An UNMISS peace campaign brings communities in Nimule together

unmiss south sudan eastern equatoria peace conflict  attacks constitution elections united nations peacekeeping

An UNMISS peace campaign in Nimule fosters social cohesion and aims to encourage voluntary returns as South Sudan races to complete remaining peace benchmarks, including the conduct of free, fair and credible elections. Photo by Moses Yakudu/UNMISS

25 Jul 2023

An UNMISS peace campaign brings communities in Nimule together

By Moses Yakudu/Saima Nizami

EASTERN EQUATORIA – For years, the world’s newest nation, South Sudan, has been embroiled in bloody civil wars. A 2018 peace deal brought relative stability to the country with the promise of a peaceful democratic transition.

But while politically motivated violence reduced as a transitional government of national unity was sworn in, intercommunal tensions have continued to simmer and, at times, erupt.

In Eastern Equatoria, these conflicts led to a significant number of individuals, especially from Nimule, to seek refuge from fighting across the border in Uganda.

As the country begins drafting its permanent constitution and preparing for its first-ever elections in 2024, the United Nations Mission in South Sudan (UNMISS) has been working with all stakeholders to encourage voluntary returns.

In this context, a day-long campaign by the UN Peacekeeping mission in Nimule sought to boost community confidence and promote social cohesion.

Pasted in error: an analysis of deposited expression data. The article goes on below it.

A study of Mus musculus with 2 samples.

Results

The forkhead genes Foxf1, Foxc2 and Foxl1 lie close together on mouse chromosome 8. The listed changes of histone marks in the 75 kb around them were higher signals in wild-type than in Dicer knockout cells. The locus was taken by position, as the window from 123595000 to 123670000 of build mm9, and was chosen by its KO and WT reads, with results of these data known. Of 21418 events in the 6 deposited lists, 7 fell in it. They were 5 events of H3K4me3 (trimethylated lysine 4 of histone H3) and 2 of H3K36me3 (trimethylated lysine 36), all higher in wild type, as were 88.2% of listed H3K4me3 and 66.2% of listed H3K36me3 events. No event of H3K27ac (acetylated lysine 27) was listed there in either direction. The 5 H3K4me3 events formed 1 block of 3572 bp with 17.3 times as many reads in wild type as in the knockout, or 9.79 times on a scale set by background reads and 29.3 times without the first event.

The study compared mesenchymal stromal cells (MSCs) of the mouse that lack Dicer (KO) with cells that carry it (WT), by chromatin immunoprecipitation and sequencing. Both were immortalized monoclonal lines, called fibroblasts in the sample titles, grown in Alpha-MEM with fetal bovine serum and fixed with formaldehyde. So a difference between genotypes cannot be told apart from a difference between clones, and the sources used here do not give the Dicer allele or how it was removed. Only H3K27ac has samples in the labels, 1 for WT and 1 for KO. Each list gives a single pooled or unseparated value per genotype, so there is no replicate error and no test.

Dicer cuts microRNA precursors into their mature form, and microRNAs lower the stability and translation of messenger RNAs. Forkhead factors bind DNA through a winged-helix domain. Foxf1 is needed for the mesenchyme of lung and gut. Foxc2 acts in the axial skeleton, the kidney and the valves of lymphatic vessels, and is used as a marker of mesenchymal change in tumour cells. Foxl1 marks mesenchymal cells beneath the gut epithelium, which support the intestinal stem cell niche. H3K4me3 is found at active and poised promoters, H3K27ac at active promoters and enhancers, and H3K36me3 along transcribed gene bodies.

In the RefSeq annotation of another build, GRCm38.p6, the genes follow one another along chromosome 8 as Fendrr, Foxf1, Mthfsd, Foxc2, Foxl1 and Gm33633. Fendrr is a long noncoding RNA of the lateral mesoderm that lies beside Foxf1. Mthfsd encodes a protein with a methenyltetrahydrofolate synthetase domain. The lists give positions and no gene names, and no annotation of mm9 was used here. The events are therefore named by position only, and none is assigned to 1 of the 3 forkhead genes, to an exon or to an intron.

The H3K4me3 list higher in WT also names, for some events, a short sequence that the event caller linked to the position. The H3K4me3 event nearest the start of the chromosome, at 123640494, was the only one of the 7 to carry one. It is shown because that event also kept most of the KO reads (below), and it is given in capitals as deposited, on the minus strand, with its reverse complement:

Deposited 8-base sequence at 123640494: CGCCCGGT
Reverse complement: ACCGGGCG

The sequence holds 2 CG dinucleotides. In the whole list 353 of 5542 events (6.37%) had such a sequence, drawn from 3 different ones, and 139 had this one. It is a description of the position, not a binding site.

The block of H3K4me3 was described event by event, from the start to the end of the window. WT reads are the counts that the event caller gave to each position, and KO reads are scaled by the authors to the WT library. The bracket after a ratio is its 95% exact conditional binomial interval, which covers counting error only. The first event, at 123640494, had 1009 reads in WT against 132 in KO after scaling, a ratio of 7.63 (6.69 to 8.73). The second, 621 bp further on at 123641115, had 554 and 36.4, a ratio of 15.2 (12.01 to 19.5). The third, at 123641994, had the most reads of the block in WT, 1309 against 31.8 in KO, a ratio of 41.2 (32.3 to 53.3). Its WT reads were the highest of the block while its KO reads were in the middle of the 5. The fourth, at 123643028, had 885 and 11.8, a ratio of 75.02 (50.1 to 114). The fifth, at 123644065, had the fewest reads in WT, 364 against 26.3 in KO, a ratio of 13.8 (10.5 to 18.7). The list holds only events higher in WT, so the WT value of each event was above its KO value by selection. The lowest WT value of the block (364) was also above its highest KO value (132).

The event was welcomed by local authorities and Nimule residents alike.

“This initiative is a great uniting factor for all communities living in this part of Magwi county,” said David Otto Remson, County Commissioner for Magwi.

As the beat of drums permeated the air, 15 different ethnic groups showcased their unique cultural heritage.

Modern peace songs also added their unique cadence to the event, which was attended by more than 2,000 people.

Rebecca Chunyuwa Adelios, a women’s representative from Nimule, was visibly moved by this show of solidarity.

“As women, our main ask is that our rights are upheld, we get a seat at the table to weigh in on decisions that directly impact us and that our children get to lead a peaceful, prosperous future,” she stated while swaying to the tempo of a popular song.

Her words were echoed by Young Nova Addis, another Nimule resident.

“We are all tired of living away from home. We need our leaders to unite and bring about peace and development,” said Young.

The main aim of this activity, organized jointly with the state government, under the theme, ‘Peace Begins with Me’: Creating a safe environment where displaced persons and refugees can return to their original settlements.

"The impact of the conflict in South Sudan has been deeply felt by people from all walks of life. It has resulted in the loss of loved ones, destruction of property, and severe damage to the economy. It is time that all of us galvanize momentum and energy in the peace process. As UNMISS, we will continue to be your partner for lasting peace," stated Tito Awando, Acting Head of the UNMISS Field Office in the state.

What made this outreach special was the presence of all parties to the Revitalized Peace Agreement, the document that charts the way for South Sudan to complete its difficult but necessary journey from war to peace.

"Our priority has always been forging a unified national identity,” stated Mary Alphonse Lodira, Deputy Governor of Eastern Equatoria state.

“I’m aware that we face a lot of challenges but with political will and support from the communities we serve, South Sudan can shine as a beacon of peace across the world.”